Friday, 2 July 2010

Maiden voyage

Today is going to be a blog full of pain.

Today is a blog of screaming anguish.

Today is a blog of anger. Real gut-churning rage.

Today, H met an old friend from council days.

O is a man who has conducted himself always with dignity and extended friendship and kindness to everyone. He is a good man, an ordinary man.

He was made redundant today.

He wasn't given much for so many years of service. He wasn't given anything actually. He was told to leave after a meeting, all of his work is in places he knows, but nobody has asked him where his files are.

We know from this that his projects - seeming so important at the time - are to be abandoned. So he cannot even congratulate himself that he left with a loincloth of dignity, that he left with the thought that something he had given to others will help them. He cannot think that what he ever did there mattered to anyone.

His manager has gone too, having been promised a new job in the new stream-lined council - a more monied post - in the poor new council. The hit squad of bullies who were managers of people who had worked for that council are chortling today because they are accomplishing their most cherished dreams. They are getting rid of the folk who had grafted there for years. Getting rid of the 'old'. The 'old' who worked, who knew the value of a day's work for a day's wage, who cared about the people in the borough that they served.

No golden handshakes for O. No ugly clock to stand on his mantel. No fond farewells from colleagues. Nothing but emptiness for him. Shock in his kind eyes. Bewilderment. Hurt. A deep, deep pain that won't be soothed any time soon.

The ex-manager has been trying to rid the department of the 'underlings' and now he's done it. Thanks to the Coalition government.

Thanks to them, the bullies have got their way; they are happy tonight, secure in the knowledge that they have hurt a decent man, decent men and ordinary women. Families. Folk.

In the days of work, the manager-bully would never have a meeting with his underlings. He'd email them. Even though he sat five yards away. He'd use technology to distance himself from the people he was supposed to guide. Why was he a manager? Someone so useless at managing.

Why was he a manager?

Why has he been promised a job after the re-structuring?

Why are the senior staff with the big salaries staying? Why are they allowed to stay on? Haven't they done enough? Isn't it time to let them go with shock in their eyes? With no handshake, no provision for the future, no hope of another job when you're half way through your fifties because there are millions of young ones to do what needs doing and you're scrappage.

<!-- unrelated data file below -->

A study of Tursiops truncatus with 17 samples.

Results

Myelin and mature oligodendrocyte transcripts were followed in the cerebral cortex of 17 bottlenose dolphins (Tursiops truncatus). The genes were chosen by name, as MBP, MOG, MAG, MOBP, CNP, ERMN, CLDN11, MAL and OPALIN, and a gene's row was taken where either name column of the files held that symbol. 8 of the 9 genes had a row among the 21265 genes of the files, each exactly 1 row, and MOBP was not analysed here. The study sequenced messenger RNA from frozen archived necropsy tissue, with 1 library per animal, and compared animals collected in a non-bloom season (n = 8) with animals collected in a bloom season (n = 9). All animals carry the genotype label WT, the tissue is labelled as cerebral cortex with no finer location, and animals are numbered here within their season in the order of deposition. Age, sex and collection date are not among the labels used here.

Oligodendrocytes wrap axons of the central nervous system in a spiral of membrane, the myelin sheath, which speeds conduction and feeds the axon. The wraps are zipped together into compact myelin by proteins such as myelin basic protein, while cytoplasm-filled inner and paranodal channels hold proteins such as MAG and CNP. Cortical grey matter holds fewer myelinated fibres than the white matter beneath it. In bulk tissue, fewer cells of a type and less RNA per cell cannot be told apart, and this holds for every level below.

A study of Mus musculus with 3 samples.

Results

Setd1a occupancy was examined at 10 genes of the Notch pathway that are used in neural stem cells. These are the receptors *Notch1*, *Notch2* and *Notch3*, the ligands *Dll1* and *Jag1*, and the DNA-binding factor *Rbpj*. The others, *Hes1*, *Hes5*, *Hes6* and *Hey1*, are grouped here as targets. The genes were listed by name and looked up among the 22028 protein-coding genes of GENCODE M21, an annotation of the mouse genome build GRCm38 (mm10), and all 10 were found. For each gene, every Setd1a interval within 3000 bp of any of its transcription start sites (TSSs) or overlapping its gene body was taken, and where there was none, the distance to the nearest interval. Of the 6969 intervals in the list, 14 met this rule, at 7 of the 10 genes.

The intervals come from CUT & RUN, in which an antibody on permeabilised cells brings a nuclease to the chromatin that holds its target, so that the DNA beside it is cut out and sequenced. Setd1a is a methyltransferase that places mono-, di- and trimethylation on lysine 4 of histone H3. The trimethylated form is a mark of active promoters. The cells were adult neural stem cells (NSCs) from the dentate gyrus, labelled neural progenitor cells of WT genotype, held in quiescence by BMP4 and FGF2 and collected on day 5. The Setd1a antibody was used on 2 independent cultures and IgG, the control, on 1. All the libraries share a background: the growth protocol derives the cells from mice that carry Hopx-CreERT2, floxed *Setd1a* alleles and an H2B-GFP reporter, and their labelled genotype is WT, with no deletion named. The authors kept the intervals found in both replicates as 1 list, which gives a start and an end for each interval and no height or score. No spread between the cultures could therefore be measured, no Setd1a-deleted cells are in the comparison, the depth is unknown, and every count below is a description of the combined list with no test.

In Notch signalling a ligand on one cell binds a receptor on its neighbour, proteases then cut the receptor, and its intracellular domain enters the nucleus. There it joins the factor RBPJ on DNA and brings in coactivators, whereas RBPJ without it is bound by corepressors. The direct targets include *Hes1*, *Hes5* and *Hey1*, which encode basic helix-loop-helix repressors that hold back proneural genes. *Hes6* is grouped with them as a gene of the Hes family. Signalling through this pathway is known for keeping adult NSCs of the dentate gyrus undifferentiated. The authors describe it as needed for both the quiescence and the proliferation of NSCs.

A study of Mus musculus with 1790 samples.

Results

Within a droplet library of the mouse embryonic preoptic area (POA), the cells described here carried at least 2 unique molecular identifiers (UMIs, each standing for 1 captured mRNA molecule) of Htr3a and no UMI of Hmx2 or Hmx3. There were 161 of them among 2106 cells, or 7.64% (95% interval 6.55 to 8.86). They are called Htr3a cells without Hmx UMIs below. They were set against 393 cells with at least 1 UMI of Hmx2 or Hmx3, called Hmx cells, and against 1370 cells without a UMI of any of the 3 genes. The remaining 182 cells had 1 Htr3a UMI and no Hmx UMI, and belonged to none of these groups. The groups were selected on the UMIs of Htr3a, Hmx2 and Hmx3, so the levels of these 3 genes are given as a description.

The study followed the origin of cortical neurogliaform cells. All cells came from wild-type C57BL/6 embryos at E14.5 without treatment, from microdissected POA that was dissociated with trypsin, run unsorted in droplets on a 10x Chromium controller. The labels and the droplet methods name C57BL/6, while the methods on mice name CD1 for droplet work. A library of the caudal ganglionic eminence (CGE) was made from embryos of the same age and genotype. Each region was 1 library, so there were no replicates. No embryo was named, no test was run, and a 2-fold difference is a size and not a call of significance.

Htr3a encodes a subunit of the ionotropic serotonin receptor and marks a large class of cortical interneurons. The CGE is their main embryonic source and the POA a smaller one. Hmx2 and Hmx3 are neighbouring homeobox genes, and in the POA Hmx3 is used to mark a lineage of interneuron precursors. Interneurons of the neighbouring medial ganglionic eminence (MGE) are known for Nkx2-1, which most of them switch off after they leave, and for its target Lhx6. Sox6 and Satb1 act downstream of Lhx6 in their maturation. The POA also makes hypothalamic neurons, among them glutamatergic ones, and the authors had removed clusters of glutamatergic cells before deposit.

Is it all starting again? Those who are privileged ridding themselves of others who are not. Those who have much starting to kick to death - and they will cause death - those who have little.

Do we have to endure this kind of world?

Do we have to put up with it?

Do our children?

Today in Parliament, all those new people who were elected recently have been giving their maiden speeches. What they said is largely irrelevant. For what will they do to stem the pain? Will they speak for the ordinary people? The ones in shock from being scythed away from something they have known for so long, that gave them an importance of a small type? Will they change anything? In that most indifferent of chambers.

'"On reducing the deficit, Mr Dromey, a former deputy general secretary of the Unite Union, declared: "I will resist any notion of asking those who are least able to bear the burden to pay the price of the misdeeds of the bankers."
He also warned that cuts to university funding would deprive "young working-class kids" from his constituency "of the chance to become the first in their family to go to university". '

How strange it is that Harriet Harmon's husband has to be the one to say what we little people are thinking, to care what we ordinary folk are feeling, the dread we are experiencing, the bleak, black pain...

The quote is from

A website called democracy live. Ironic.

'I will resist any notion of asking those who are least able to bear the burden to pay the price of the misdeeds of the bankers.'

We have to band together - we have to commune - we have to protect not just our children, but each other - we have to stop punishing the innocents for the guilty - we have to open our sleeping eyes WIDE - we have to think of money as serving US not US serving money - we have to ask if men who are staggeringly rich SHOULD have the job of 'rescuing' this silly country - we have to think, and grow, and know, and change and wake up and never ever ever be fooled again.

Are we awake yet?

1 comment:

  1. Oh Danae that is tragic.
    I had friends here yesterday and coincidentally we were talking about this very thing.
    I said I thought the managers would stay and protect their clipboards and big salaries and the 'savings' would be made with front line staff being told to go.
    I wondered if an audit was done in a year how many pointless managerial posts would have gone.
    my guess 0.
    Here you are telling the very kind of story I said would happen.
    We do live in a rotten twisted society.